Bililign gives distinguished lecture at UConn on analysis of organic acids from biomass burning

University of Connecticut logoAround the world, forests and grasslands are being cleared for agriculture. Increasingly, the biomass being produced by this clearing is being burned, adding to the atmosphere carbon dioxide, carbon monoxide, methane and other hydrocarbons, nitric oxide, nitrous oxide, organic acids, inorganic acids and atmospheric particulates and aerosols.  This process may be a significant driver of global atmospheric and climate change.

One especially problematic group among these pollutants is gas-phase organic acids, a significant but poorly understood class of volatile organic compounds.  N.C. A&T physics professor Dr. Solomon Bililign is studying these acids in the atmosphere, and that work was the subject of his address at the University of Connecticut last week when he delivered the Norman Hascoe Distinguished Lecture.

Dr. Bililign’s slides are here.  The abstract of his talk:

Study of Vibrational Overtone Induced Dissociation of Organic Acids From Biomass Burning Using Cavity Ring Down Spectroscopic Techniques
Recent information suggests that on the global scale, biomass burning is much more extensive and widespread than previously thought. Biomass burning refers to the burning of the world’s forests and grasslands and agricultural lands following the harvest for land clearing and land conversion. Combustion products of biomass burning include carbon dioxide, carbon monoxide, methane, nonmethane hydrocarbons, nitric oxide, nitrous oxide, organic acids, inorganic acids and atmospheric particulates and aerosols. One poorly understood, but significant class of volatile organic compounds (VOC) present in biomass burning is gas-phase organic acids and inorganic. These acids are extremely difficult to measure because of their adsorptive nature. Measurements of a variety of organic acids (e.g. acetic acid, peracetic acid, formic acid, pyruvic acid, glycolic acid) and inorganic acids (HNCO, HONO, HCl, HBr, HNO3) were made in Pasadena, California, during May and June 2010 as part of CalNex 2010. Particulates and aerosols produced during biomass burning impact the radiation budget of the Earth and, hence, impact global climate. It is thought that as much as 90% of global biomass burning is human-initiated and that such burning is increasing with time. Hence, biomass burning may be an important driver for global atmospheric and climatic change.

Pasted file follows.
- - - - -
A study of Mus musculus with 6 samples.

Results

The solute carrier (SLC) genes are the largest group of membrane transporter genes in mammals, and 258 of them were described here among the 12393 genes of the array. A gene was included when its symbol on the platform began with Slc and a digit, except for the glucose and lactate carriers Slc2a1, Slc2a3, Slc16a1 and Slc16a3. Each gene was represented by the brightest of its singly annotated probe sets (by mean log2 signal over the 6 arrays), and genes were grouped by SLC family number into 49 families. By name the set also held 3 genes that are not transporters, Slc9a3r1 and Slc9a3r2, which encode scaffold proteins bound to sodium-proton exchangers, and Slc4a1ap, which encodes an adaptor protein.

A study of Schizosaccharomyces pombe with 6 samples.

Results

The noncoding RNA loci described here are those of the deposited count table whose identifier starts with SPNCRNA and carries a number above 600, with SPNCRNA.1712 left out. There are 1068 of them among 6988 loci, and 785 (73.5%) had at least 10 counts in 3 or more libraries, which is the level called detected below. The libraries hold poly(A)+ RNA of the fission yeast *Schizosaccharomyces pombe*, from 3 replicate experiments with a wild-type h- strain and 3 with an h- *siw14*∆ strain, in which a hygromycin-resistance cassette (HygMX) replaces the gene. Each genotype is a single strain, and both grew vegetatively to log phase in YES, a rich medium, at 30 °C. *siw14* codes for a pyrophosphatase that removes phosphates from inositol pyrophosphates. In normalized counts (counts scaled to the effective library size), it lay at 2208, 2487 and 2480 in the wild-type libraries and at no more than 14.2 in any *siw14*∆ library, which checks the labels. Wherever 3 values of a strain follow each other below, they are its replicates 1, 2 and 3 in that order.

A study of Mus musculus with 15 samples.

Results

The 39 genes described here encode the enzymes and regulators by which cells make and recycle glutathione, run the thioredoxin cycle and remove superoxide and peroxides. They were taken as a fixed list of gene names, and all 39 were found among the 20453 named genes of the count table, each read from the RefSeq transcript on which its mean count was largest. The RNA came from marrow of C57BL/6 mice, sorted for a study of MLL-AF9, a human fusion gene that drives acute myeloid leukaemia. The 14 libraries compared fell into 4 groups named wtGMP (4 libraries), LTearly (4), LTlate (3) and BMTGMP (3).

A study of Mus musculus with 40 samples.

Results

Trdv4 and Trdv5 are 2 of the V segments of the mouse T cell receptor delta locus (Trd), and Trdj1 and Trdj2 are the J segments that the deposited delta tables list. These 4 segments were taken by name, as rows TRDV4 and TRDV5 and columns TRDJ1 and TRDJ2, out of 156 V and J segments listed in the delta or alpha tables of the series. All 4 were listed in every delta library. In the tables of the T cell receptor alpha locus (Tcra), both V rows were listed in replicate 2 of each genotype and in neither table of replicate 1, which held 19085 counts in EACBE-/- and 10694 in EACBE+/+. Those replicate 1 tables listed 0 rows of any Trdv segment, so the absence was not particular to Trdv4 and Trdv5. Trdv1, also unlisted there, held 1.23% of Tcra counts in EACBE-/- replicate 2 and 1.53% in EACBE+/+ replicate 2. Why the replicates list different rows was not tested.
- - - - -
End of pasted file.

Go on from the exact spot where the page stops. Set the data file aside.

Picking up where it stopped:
Work in our laboratory uses two methods, Cavity Ring Down Spectroscopy and Mass Spectrometric methods, to characterize some of the properties of the organic acids and aerosols. The following will be presented in this talk.

(a) Use of cavity ring down spectroscopy to measure absorption cross sections for overtone induced photochemistry (vibrational overtone excitation of an O-H bond in organic acid molecules present in the atmosphere). Overtone excitation has been shown to cause dissociation of molecules leading to OH radical production for several species. Results of for acetic acid and peracetic acid will be presented.

(b) Proposed use of cavity ring down CRD technique to determine the optical properties of aerosols composed of mixtures of different absorbing and non-absorbing species and to determine their complex refractive indices and extinction efficiency and progress in this area will be presented.